Time to exercise diplomatic muscle

3 June 2009

Few countries have shown themselves as impervious to international criticism as Burma, according to Dr Ben Saul, Director of the Sydney Centre for International Law (SCIL).

In an article co-authored with University of Sydney students, Natasha Kassam and Tina Jelenic for Unleashed on ABC Online, Dr Saul stipulates that while global reputation matters for many countries, none of the usual levers of political influence appear able to change the behaviour of Burma's military dictatorship.

"The latest episode of irrationality is the prosecution of democracy leader and Nobel laureate Aung San Sui Kyi, who is being vicariously punished for the irresponsible actions of an American who swam across a lake to visit her house.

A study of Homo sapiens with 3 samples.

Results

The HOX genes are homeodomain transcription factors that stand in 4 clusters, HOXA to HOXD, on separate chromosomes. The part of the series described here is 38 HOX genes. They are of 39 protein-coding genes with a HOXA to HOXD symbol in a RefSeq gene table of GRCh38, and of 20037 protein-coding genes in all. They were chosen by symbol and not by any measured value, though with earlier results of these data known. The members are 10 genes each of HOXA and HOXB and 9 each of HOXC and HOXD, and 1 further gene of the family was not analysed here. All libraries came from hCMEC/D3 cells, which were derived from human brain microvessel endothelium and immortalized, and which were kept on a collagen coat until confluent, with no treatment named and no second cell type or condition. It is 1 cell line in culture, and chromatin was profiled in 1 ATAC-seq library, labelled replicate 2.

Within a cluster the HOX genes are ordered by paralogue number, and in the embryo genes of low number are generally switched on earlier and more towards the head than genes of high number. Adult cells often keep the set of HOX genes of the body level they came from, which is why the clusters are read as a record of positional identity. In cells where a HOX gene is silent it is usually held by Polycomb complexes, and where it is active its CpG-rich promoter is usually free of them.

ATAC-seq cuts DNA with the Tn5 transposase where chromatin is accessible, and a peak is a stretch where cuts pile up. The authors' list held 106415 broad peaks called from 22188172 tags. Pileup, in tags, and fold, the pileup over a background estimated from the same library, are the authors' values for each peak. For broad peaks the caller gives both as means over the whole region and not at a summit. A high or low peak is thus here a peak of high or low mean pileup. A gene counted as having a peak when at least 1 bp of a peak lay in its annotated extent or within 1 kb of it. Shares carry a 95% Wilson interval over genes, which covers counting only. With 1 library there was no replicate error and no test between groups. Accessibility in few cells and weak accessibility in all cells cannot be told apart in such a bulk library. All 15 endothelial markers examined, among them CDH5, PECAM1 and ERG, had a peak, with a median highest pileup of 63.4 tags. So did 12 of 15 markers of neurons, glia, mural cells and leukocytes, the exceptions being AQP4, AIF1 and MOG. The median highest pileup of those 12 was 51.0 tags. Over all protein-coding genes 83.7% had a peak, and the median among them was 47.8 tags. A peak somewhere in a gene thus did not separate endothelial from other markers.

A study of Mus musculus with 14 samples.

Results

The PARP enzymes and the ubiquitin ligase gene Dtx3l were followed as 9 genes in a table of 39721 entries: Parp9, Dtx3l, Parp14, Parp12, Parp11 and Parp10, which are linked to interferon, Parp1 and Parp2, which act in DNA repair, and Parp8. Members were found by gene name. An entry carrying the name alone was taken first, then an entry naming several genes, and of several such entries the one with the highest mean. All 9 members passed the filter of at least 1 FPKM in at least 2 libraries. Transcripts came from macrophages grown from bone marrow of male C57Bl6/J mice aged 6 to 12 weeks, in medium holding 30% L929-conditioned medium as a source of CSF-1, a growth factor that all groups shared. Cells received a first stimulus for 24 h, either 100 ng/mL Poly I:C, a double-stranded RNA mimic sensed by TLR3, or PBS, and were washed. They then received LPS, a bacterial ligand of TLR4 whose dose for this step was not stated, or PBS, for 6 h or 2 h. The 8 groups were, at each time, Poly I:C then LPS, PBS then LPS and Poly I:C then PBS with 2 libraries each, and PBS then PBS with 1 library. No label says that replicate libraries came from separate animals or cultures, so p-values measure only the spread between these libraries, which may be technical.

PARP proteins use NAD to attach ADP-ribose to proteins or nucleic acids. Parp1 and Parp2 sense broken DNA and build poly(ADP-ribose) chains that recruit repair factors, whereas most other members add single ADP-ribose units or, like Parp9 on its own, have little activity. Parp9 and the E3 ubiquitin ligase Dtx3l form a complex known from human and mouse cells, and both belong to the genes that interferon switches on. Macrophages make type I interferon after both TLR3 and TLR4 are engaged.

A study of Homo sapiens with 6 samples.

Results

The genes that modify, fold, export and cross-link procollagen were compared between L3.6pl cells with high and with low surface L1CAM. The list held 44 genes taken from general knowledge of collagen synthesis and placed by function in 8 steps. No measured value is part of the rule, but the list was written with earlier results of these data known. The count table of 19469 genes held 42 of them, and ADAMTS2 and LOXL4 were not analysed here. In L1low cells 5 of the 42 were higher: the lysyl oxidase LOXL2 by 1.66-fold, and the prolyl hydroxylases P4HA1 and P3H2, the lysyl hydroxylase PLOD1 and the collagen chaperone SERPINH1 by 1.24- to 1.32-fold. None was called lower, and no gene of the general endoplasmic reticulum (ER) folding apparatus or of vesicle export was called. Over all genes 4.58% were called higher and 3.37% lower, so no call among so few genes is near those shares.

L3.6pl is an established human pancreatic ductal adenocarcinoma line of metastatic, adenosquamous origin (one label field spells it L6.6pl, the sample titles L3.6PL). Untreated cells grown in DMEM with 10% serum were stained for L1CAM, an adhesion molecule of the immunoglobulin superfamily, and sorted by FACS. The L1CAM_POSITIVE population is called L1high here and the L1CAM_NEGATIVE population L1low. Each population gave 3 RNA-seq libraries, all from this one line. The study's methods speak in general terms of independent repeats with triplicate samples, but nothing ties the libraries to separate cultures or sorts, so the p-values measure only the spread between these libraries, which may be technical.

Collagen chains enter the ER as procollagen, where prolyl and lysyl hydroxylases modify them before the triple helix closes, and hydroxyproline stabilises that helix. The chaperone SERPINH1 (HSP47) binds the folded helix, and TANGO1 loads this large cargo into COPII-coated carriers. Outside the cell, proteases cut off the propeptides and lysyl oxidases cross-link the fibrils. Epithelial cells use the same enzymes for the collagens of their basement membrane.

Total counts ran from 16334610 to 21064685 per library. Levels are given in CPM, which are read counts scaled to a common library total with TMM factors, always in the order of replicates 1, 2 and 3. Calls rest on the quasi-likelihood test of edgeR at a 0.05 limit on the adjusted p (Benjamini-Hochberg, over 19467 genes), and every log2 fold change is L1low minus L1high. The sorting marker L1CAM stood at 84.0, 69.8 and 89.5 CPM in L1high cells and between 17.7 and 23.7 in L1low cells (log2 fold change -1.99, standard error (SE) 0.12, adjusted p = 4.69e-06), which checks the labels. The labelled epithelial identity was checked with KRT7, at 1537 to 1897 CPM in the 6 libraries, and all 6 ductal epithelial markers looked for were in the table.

"Simplistically shutting out Burma in the cold has not worked. Indeed it has counterproductively isolated those inside Burma who may have had the capacity to influence change in the regime, and pushed the Burmese reluctantly closer to China.
"At the same time, the alternative policy of constructive engagement in the past smacked of legitimising an unpalatable regime. The time is ripe for a more principled and pragmatic approach to Burma, one with a clear vision of what is achievable and at the same time draws rights-respecting boundaries of future engagement with the regime.
"None of this will immediately spring Aung San Sui Kyi from prison, or bring democracy overnight. But short of perpetuating failed policies, it is one of precious few policy options left standing."